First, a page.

Thanks to Jonathan of The Core Mechanic I read a nice link to an article of livingdice.com stating that Kenzer (Producer of Kingdom of Kalamar) is launching a frontal ass
ault at the GSL (license of the 4th edition D&D). With a copyright lawyer in the real world as president, I keep my fingers crossed that the GSL will fall before it causes any serious harm.
Besides of all things that I like and don’t like with the new edition of Dungeons and Dragons, their new license was one of the things that just make me shrug and shake-head… Honestly, I think one of the main keys to success of the 3rd edition was their open policy – the open readable SRD enabled everyone to take a look at the rules and more importantly the OGL enabled dozens of other companies to release products for the d20 system.
Maybe there is someone among you, that knows why they changed this open and (journalists would probably call it Web 2.0 approaches) friendly license to the GSL type of license that bans almost everyone from releasing new material in this regard, unless they wait for quite some time.
I really don’t get the point of this – maybe you can help me.
Update: Looks like I’m not the only one thinking about the licensing of the 4th edition lately. A few hours before this posting was online, Critical Hits put their own comprehensive posting on different companies and their licensing strategy online. It gives a general overview on different companies, whether they stay with the OGL (3rd edition), go for the 4th edition GSL or try a fair-use copyright approach – but have a read yourself.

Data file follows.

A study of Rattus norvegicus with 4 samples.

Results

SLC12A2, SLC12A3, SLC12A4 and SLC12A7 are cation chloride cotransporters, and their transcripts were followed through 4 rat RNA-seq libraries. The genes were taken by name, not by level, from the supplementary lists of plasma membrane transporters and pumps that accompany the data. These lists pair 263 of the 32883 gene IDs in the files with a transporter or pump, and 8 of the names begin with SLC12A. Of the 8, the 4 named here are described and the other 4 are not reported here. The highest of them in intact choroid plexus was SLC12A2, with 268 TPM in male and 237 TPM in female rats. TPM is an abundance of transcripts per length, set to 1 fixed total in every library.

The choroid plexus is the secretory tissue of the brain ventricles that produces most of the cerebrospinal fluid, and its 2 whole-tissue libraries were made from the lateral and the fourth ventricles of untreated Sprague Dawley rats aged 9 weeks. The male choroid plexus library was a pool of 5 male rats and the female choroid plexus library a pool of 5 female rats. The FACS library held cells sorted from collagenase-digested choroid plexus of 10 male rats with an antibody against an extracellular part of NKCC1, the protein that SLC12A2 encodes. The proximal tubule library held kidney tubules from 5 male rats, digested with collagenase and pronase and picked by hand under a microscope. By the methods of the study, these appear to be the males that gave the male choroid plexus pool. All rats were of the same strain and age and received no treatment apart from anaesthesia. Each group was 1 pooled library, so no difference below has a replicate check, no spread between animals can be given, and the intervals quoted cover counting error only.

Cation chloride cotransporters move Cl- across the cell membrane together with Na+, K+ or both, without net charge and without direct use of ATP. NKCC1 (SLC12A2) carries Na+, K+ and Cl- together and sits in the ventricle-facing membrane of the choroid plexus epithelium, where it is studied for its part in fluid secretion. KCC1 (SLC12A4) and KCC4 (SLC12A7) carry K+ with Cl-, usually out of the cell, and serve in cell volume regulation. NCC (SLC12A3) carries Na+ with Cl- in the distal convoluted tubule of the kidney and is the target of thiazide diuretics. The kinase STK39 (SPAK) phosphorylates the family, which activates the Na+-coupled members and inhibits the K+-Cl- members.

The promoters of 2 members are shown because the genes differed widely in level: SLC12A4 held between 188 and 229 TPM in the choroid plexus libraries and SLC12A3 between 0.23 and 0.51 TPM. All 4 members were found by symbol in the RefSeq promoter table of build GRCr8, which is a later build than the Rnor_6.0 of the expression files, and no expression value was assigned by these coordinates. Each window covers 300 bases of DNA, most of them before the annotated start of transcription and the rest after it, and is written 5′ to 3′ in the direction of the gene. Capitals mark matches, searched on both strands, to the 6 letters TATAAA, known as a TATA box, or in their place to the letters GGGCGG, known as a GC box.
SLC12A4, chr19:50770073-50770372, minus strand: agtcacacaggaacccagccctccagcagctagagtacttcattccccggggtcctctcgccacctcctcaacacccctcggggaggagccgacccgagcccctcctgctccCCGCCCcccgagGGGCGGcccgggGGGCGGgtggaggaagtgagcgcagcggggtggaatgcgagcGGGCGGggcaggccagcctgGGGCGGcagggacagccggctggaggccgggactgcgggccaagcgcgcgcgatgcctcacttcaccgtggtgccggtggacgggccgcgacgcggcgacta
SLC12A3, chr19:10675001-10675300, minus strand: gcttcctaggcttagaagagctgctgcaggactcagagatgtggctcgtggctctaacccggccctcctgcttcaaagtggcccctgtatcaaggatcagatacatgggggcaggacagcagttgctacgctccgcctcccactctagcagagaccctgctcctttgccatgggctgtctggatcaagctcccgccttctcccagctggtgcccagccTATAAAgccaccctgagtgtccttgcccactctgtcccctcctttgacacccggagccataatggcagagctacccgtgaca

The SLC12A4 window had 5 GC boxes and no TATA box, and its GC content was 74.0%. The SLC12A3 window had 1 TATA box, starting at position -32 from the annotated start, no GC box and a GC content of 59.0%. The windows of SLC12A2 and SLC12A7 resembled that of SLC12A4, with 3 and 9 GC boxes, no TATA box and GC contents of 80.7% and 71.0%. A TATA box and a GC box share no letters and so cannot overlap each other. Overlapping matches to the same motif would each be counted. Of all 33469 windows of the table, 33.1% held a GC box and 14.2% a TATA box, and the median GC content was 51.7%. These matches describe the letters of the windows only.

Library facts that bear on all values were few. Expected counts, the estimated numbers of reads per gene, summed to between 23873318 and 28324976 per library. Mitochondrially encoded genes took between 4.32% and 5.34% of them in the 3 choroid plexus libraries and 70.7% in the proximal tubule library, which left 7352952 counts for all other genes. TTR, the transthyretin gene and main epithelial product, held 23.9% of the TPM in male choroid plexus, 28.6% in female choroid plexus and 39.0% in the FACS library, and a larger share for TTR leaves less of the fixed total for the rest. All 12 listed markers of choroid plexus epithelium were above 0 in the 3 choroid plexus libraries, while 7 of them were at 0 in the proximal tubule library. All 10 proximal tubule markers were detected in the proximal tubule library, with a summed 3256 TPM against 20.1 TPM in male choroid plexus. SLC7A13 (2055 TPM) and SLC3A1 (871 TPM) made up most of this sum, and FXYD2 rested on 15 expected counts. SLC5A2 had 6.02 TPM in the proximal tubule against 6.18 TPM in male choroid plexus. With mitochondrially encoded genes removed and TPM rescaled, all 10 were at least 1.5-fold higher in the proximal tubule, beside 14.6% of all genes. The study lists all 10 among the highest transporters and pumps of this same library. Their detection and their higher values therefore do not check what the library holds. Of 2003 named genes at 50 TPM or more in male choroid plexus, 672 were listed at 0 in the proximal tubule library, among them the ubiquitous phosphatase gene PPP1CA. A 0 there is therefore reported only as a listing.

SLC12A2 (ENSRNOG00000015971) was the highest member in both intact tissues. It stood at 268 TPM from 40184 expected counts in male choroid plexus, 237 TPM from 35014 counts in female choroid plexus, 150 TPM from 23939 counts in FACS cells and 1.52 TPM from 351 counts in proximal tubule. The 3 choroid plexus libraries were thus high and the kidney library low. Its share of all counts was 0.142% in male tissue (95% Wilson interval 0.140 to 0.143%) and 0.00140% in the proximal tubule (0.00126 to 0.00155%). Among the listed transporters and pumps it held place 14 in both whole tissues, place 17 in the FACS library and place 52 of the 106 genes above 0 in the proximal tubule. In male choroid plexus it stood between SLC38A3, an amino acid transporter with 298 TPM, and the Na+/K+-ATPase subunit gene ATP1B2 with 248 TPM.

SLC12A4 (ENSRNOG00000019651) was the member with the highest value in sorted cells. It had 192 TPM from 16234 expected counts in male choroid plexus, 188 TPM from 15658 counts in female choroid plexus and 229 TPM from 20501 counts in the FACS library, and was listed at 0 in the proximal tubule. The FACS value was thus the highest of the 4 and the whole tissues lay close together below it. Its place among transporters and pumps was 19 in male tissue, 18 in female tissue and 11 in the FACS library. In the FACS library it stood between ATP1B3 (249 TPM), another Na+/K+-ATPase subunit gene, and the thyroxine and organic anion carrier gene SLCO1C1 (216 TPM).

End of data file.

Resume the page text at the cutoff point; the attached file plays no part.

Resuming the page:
4 thoughts on “A thought on licensing (updated)”
From what I can put together, the OGL didn’t work out as planned. It was intended to do 2 things:
1) Get people to incrementally improve the core system. So, if I came up with a cool stealth subsystem, for example, then maybe WotC would incorporate it in their revisions/new products. Everyone’s work was supposed to hone the released system. In practice, everyone used the core system without much in the way of tweaks (for compatibility/ease of introducing new systems).
2) WotC was supposed to produce the “profitable for a big company” books, like new character options, while everyone else was supposed to do minor support. Instead, they produced where the demand was… so you had WotC competing with the people they expected to make their adventures.
Ye, you’re probably right about working / not working Scott. Still I think they will loose a lot with their new policy.
But we’ll find out ;).
@Lemming : Hah! I’ve finally tracked you down! thanks to technorati.com, hehe! Thanks for the backtrack links!
I expect the new GSL will die if actually tested in court. But, then again, I’m not a lawyer. Certainly there will be much less 3rd party development for 4E than their had been for 3E/d20; i just wonder in the long term if this is the beginning of the end. I mean, the RPG market is already so fragmented, the GSL seems like it is only going to make things worse.
Am I really so hard to track down? 🙂 –
Yes, probably it is at least a little beginning of the end. The problem is, I doubt the GSL itself is the problem here – I think the “geek/nerd” audience of D&D likes the open-source -> open-gaming thought behind the 3rd edition very much. So even if they improve the 4th edition with the new license, I doubt they will ever put a nice SRD up again, one of the best inventions ever in my opinion. Really a pity :(.